You Don’t Mess With the Zohan (*)
Now in his 40s, Adam Sandler is in a deep, widely acknowledged creative funk (correspondingly, he’s gotten meatier and logier-looking, as if he’s been on the same diet and weightlifting regime for too long). Last year’s I Now Pronounce You Chuck and Larry wasn’t as execrable as fearful liberals said it was (the Alexander Payne–Jim Taylor–Barry Fanaro script actually had many bright moments), but Sandler’s performance was distinctly turgid. With You Don’t Mess With the Zohan, Sandler returns to co-writing after a hiatus (his last effort was in 2002’s animated Eight Crazy Nights, and before that 2000’s Little Nicky), and he is in poor shape. Zohan regurgitates the conceits of his ’90s comedies, complementing them with a distastefully simple-minded take on contemporary ethnic politics.
Zohan opens in Israel, with its titular Mossad agent hamming it up on the beach with a bevy of scantily clad beauties, and then abruptly getting called to duty. Zohan is a superman against his terrorist enemies (“Rembrandt with a grenade,” says his hummus-slurping father), but he wants more: a stylist job at Paul Mitchell’s in New York, to be exact. So he fakes his own death, goes to America, gets rejected by Mitchell, and finds the only employer in New York that will take him: a down-on-its-luck Palestinian-owned salon. Zohan is a hit with the ladies of the post-menopausal set (whom he shtupps in the back room after their cuts), but his popularity threatens to blow his cover.
True to the Sandler template, Zohan’s plot reconciles itself inoffensively, with peace and love on offer for everyone involved. Still, there’s a unique reek here. Like other Sandler films, Zohan doesn’t spare its stereotypes, but it’s worth mentioning that even though everyone gets it, some get it more than others. Rob Schneider’s Arab cab driver is easily the most unfunny and questionable of the bunch, and it’s conspicuous that none of the film’s other main Arab characters are played by real Arabs (Emmanuelle Chriqui, Zohan’s Palestinian love interest, is Jewish, as are Schneider and Sandler; Italian John Turturro, hitting a new career low, is Zohan’s arch-nemesis).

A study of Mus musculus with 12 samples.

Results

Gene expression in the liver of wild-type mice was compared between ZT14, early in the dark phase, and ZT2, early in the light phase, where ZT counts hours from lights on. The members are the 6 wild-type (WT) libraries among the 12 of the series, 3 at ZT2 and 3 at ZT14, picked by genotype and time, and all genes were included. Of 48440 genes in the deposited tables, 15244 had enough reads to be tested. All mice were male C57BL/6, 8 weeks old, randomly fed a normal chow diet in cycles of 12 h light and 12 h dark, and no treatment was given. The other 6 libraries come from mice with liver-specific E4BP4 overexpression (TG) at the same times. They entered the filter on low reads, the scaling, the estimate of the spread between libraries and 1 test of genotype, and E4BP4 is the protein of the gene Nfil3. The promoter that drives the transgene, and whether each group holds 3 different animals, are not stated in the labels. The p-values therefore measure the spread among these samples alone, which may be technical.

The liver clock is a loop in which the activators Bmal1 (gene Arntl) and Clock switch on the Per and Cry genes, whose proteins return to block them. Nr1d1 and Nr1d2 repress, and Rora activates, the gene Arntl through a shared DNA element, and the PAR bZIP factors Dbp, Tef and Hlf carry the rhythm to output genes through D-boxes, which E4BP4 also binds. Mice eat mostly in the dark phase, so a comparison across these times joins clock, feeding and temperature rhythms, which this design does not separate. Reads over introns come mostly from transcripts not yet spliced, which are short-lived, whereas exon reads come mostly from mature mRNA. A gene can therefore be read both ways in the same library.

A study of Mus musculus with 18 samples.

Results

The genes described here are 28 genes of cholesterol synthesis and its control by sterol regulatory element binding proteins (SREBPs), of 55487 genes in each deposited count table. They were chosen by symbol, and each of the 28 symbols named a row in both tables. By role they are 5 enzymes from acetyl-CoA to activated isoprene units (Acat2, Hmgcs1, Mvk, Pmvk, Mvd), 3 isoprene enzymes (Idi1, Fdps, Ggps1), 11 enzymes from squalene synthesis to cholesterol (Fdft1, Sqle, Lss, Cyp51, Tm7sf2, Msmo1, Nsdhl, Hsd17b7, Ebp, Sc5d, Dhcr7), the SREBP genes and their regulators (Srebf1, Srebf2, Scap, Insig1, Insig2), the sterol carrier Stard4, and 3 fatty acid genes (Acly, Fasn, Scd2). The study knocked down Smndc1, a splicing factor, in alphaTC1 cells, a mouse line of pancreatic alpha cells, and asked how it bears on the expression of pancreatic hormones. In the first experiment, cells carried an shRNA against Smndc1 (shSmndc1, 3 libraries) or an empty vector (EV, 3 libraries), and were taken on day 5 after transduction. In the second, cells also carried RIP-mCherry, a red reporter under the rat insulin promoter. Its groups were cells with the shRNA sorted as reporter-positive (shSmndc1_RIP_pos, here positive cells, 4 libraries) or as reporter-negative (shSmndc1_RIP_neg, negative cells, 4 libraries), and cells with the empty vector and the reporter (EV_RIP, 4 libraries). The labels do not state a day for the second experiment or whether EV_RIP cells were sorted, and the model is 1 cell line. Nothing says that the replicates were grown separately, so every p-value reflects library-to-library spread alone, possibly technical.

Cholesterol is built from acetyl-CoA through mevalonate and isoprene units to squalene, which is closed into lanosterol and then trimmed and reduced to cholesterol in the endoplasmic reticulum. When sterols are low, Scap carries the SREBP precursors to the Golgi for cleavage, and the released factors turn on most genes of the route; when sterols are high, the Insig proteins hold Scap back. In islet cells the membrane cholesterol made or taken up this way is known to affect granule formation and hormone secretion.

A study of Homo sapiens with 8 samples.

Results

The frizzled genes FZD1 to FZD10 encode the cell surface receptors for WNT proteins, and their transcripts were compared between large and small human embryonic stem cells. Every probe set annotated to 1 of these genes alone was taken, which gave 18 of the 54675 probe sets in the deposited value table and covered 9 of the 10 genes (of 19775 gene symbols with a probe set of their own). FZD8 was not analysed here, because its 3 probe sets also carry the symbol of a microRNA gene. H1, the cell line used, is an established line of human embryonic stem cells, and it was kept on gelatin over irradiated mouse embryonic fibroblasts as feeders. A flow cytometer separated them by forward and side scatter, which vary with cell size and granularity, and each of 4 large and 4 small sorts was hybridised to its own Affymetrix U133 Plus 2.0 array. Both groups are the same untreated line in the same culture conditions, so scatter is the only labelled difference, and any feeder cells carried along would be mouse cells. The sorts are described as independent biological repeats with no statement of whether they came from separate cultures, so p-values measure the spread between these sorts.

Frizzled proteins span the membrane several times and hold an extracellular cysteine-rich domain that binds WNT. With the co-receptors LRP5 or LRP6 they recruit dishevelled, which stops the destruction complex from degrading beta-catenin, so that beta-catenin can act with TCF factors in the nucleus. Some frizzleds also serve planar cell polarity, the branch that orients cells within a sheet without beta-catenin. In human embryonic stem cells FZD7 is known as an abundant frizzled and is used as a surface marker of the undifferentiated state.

Whatever this means (some will call it a coincidence; others will point to Sandler’s recent contributions to Rudy Giuliani’s presidential campaign as evidence of an Israeli bias), it is safe to say that Sandler is in way over his head in attempting to make such subject matter comedic. Zohan may be just another dumb movie, but the conflict it portrays is dire, contentious and immediate in ways even the Cold War—the context for so many good dumb movies—was not. It would take a brilliant, compassionate artist to lift the horror for even one light chuckle; obviously Sandler, and for that matter most of his contemporaries (note that Judd Apatow is one of Zohan’s co-writers), just ain’t it.
You Don’t Mess With the Zohan is now playing at Rainbow Cinemas Market Square (80 Front St. E.), SilverCity Yonge-Eglinton Centre (2300 Yonge St.) and Beach Cinemas (1651 Queen St. E.).